The United Nations Food & Agriculture Organization (FAO) standard methods for modeling Evapotranspiration (ET) use a Penman-Monteith equation. The ASCE standard methods modify that Penman-Monteith equation for use with an hourly time step. The SWAT model is one of many GIS integrated hydrologic models estimating ET using Penman-Monteith equations.
Evapotranspiration contributions are very significant in a watershed's water balance, yet are often not emphasized in results because the precision of this component is often weak relative to more directly measured phenomena, eg. rain & stream flow. In addition to weather uncertainties, the Penman-Monteith equation is sensitive to vegetation specific parameters, eg. stomatal resistance or conductance. Gaps in knowledge of such are filled by educated assumptions, until more specific data accumulates.
Various forms of crop coefficients (Kc) account for differences between specific vegetation modeled and a Reference Evapotranspiration (RET or ET0) standard. Stress coefficients (Ks) account for reductions in ET due to environmental stress (eg. Soil saturation reduces root zone O2, low soil moisture induces wilt, air pollution effects, and salinity). Models of native vegetation cannot assume crop management to avoid recurring stress.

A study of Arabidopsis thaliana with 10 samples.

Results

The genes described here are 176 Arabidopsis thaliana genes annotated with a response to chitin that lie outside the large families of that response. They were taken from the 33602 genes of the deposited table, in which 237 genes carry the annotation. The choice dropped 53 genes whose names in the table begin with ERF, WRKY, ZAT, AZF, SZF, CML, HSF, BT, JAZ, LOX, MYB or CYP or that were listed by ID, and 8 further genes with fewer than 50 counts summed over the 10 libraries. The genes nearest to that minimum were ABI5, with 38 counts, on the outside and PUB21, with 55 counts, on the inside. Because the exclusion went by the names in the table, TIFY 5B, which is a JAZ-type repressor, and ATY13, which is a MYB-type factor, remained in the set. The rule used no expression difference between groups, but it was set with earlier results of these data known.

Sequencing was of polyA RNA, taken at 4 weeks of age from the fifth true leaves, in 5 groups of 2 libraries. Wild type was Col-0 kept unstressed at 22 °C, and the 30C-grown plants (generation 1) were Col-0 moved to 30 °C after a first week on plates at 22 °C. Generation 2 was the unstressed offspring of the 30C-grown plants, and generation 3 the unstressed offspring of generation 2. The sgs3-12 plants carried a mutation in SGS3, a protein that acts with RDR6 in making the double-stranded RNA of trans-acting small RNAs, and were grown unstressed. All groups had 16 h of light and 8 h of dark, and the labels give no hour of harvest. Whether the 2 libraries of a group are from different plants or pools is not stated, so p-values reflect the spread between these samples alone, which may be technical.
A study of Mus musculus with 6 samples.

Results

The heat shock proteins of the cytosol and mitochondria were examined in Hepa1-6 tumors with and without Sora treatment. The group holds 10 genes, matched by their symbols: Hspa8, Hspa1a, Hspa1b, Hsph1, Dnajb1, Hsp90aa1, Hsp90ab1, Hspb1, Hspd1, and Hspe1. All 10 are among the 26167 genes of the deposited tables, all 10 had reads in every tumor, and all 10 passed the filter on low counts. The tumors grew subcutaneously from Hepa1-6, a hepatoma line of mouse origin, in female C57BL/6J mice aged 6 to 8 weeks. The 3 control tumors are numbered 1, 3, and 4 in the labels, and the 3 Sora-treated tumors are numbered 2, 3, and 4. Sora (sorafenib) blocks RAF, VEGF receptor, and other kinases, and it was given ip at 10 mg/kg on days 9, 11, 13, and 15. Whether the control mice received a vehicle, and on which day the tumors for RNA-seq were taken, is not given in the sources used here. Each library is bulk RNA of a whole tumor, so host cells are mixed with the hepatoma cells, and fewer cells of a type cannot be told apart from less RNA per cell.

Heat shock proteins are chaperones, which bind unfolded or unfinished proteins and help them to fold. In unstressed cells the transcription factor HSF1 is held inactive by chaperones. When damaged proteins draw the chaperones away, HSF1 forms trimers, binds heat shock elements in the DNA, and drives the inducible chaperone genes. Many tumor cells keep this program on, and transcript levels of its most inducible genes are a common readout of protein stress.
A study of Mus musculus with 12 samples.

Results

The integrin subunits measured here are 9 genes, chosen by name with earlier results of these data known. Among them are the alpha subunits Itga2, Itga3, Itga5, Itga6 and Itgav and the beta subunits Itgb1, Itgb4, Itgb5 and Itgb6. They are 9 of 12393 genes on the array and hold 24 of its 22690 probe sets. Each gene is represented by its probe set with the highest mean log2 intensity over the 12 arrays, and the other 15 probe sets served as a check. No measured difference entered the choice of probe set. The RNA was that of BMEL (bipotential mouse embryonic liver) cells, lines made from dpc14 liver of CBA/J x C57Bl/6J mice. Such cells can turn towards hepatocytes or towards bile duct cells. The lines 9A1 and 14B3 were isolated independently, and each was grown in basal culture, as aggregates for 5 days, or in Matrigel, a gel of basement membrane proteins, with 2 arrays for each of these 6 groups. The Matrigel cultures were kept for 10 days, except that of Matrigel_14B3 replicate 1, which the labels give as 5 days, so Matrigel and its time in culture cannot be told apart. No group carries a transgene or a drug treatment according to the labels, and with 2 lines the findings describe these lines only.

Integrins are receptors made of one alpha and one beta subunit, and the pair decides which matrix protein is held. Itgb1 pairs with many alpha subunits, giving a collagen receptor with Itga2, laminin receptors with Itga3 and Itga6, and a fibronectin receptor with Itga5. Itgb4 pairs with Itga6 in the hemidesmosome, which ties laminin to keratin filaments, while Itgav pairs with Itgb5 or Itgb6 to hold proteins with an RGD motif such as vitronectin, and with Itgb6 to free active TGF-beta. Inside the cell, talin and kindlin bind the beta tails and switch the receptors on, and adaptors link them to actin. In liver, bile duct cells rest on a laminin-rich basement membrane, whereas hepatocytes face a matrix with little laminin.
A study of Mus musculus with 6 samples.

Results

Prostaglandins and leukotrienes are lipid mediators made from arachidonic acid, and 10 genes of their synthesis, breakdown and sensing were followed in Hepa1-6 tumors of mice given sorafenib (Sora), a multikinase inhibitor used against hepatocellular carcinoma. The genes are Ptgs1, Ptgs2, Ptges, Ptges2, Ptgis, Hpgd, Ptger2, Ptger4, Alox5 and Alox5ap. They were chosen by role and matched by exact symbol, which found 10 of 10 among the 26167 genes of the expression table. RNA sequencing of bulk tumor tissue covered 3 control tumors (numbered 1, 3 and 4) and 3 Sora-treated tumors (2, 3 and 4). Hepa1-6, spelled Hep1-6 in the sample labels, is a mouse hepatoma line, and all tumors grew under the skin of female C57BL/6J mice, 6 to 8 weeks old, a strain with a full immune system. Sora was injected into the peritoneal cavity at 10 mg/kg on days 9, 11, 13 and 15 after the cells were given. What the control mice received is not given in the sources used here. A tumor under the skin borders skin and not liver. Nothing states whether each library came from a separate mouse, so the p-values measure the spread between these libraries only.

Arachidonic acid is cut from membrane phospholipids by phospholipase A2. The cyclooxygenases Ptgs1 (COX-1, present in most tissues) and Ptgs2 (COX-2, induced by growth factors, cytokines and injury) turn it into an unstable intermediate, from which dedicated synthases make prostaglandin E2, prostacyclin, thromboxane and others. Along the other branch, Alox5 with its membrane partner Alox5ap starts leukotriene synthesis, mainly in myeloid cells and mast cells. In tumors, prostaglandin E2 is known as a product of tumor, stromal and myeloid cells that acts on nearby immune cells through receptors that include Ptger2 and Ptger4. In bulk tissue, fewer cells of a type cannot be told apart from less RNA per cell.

Note: Often resistances are used rather than conductivities.
Also note that varies over each day, and in response to conditions as plants adjust such traits as stoma openings. Being sensitive to this parameter value, the Penman-Monteith equation obviates the need for more more rigorous treatment of perhaps varying within each day. Penman's equation was derived to estimate daily ET from daily averages.
A derivation of this equation may be found at http://biomet.ucdavis.edu/evapotranspiration/PMDerivation/PMD.htm
This also explains relations used to obtain & in addition to assumptions key to reaching this simplified equation.